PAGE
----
Build a business case: developing custom apps

LINQ itself is a large topic, surfaced in several ways within Visual Studio. There are a couple of ways to look at it. First, LINQ is exactly what its name suggests: query extensions built into .NET languages, reminiscent of dBase and FoxPro, except that LINQ is more flexible because it can target arbitrary data sources, such as an XML document, or any enumerable .NET object. Second, LINQ to SQL is what software architect Matt Warren describes in an illuminating blog post as “possibly Microsoft’s first ORM to actually ship in ten years of trying.”

Warren refers to ObjectSpaces, an object-relational mapper (ORM) for SQL Server that was absorbed into WinFS, then died when WinFS was abandoned.

In Visual Studio terms, LINQ to SQL transforms the way SQL Server database applications are written. Adding LINQ to SQL classes to a project enables the visual object-relational designer, where you can drag tables, queries or stored procedures. Building the solution generates classes to represent the data, and you then use LINQ to code against those classes. All going well, it relieves the developer of much of the plumbing code involved in typical database applications.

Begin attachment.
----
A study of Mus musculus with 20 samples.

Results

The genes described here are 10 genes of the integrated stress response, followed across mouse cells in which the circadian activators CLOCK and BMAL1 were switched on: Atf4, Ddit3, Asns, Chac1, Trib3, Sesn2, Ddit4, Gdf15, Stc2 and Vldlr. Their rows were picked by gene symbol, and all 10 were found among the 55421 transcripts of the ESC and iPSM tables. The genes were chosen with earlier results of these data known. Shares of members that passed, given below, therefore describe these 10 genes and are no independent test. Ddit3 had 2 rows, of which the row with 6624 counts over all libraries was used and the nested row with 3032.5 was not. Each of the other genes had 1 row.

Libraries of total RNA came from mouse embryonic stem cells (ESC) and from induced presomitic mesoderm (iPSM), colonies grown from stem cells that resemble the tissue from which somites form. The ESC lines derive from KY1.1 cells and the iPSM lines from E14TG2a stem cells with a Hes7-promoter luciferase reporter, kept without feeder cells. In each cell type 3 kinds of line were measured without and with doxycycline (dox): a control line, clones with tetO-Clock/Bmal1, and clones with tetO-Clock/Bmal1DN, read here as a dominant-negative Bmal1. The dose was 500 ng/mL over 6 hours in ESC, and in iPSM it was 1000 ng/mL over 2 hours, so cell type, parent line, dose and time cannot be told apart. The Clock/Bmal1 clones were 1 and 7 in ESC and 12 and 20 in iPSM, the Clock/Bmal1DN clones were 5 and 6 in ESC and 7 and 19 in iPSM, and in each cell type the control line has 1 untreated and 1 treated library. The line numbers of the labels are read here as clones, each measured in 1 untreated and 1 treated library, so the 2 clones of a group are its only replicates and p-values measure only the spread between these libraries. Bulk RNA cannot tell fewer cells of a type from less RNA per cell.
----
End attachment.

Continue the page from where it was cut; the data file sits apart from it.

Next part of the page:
ORM designer

Finally - the ORM designer that died with WinFS

Lurking amidst all the .NET surroundings is a new Visual C++, now the sole Microsoft compiler that emits native code. This is not a big new release. The supplied libraries, including ATL and MFC, now properly support Vista, and there are improvements to managed code support.

Web applications

Visual Studio 2008 now supports the Microsoft AJAX Library, including a useful UpdatePanel control that enables partial page rendering, for improving the appearance and performance of web applications. LINQ support is also added to ASP.NET. Best of all, the page designer in Visual Studio has been reworked, and now includes a split code and visual view, new CSS designers, and IntelliSense for JavaScript.